Associate Attorney General Vanita Gupta discussed some of the challenges of contemporary policing and efforts of the US Department of Justice at a recent program at the Law School.
Gupta, the third-ranking official at the US Department of Justice and the former head of its Civil Rights Division, offered her insights in a conversation with Professor from Practice Sharon R. Fairley. Thomas J. Miles, Dean and Clifton R. Musser Professor of Law and Economics, delivered the introductory remarks for the hour-long program, held on June 8 as part of the 2023 Law of Policing Conference hosted at the Law School.
Gupta sought to dispel the misconception that constitutional policing is somehow at odds with police departments’ ability to fight crime.
“The core foundation of fighting violent crime has to be built on police-community trust, and where you don’t have that, you can’t fight violent crime effectively.”Vanita GuptaAssociate Attorney General
“The core foundation of fighting violent crime has to be built on police-community trust, and where you don’t have that, you can’t fight violent crime effectively,” she said.
Gupta also observed that law enforcement officers cannot solve the problem of violent crime alone. “Community leaders need to play a role in keeping communities safe and in being co-creators of public safety,” she said.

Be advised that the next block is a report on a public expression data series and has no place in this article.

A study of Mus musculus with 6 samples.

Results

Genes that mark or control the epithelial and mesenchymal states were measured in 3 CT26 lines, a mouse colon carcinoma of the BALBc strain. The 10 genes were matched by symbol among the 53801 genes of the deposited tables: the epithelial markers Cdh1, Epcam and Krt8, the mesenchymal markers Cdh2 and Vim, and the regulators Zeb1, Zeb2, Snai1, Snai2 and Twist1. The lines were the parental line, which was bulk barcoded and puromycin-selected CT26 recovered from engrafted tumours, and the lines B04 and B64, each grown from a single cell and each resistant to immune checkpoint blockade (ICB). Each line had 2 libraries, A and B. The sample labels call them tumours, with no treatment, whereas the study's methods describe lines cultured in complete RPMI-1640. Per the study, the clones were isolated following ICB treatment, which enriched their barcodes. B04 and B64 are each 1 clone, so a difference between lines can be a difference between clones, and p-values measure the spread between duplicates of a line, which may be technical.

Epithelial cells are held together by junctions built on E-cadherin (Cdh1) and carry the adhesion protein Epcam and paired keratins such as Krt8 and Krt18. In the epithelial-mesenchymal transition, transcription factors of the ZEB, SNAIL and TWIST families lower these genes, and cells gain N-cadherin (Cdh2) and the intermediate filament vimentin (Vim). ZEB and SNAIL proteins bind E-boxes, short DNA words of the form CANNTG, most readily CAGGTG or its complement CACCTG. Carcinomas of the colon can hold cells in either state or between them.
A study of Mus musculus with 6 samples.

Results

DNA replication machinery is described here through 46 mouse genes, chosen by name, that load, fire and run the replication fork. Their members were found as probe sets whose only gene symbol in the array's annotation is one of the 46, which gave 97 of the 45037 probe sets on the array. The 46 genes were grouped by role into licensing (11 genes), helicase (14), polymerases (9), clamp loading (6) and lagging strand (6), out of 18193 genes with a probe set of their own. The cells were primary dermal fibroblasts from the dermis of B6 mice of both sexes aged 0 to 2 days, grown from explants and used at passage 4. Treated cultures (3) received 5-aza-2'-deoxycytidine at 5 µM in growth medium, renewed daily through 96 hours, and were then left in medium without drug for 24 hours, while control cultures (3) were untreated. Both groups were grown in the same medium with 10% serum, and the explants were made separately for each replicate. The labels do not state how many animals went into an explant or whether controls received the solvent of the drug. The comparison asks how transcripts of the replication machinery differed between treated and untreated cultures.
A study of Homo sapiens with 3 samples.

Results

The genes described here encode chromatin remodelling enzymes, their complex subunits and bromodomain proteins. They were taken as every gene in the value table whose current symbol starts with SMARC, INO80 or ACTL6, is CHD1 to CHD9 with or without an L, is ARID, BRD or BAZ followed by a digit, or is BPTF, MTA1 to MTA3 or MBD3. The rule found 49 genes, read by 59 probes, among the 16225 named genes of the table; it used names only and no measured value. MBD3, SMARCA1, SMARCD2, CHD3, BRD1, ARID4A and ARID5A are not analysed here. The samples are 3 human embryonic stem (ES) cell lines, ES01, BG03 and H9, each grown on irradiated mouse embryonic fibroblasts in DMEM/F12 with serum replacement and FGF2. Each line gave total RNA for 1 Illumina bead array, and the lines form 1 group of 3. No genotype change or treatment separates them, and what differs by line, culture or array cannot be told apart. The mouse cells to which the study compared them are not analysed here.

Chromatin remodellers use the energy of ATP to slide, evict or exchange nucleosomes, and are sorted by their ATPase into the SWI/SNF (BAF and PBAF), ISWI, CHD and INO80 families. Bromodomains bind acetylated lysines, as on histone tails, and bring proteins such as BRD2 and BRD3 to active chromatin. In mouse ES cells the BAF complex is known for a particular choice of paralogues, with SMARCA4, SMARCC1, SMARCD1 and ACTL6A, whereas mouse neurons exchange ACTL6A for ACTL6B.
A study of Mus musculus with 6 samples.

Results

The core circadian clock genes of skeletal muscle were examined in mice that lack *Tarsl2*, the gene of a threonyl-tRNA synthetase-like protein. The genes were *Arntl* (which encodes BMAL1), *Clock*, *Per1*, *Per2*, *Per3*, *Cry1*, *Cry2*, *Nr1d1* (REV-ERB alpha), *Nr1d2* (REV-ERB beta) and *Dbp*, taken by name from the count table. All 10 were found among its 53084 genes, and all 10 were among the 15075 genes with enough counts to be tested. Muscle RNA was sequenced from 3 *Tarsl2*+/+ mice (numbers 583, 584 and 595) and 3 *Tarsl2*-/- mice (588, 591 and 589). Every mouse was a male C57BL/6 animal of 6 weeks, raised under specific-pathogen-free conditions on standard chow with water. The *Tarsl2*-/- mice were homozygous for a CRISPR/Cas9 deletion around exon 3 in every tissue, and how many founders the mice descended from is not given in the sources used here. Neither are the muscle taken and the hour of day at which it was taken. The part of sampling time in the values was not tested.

Some communities begin community violence intervention (CVI) programs to address violent crime, but may struggle without federal funding and support, Gupta noted. Last year, $100 million in federal funds were approved to assist with these programs, and another $100 million has been allocated for the next year, she continued.
“This is not just to fund the big national organizations,” Gupta said. “Frankly, CVI is most effective at the micro level because local community leaders who have been involved in this have tremendous credibility.”
Gupta pointed to President Biden’s May 2022 Executive Order to Advance Effective, Accountable Policing and Strengthen Public Safety as a major boost in federal efforts to improve policing accountability and standards.
Key provisions of the order include:
- Creating a new national database of police misconduct
- Requiring new standards for accreditation of law enforcement agencies and for accrediting bodies
- Tracking data on use of force incidents, and
- Studying the impact of use of force incidents on communities.
“[The Executive Order] has 92 deliverables for the Justice Department, and I think it has gotten a lot less play [in the media] than it deserves,” Gupta said.
However, Gupta was also quick to point out that there is no “silver bullet” to fix all the issues pertaining to policing. “This is part of our challenge,” she said.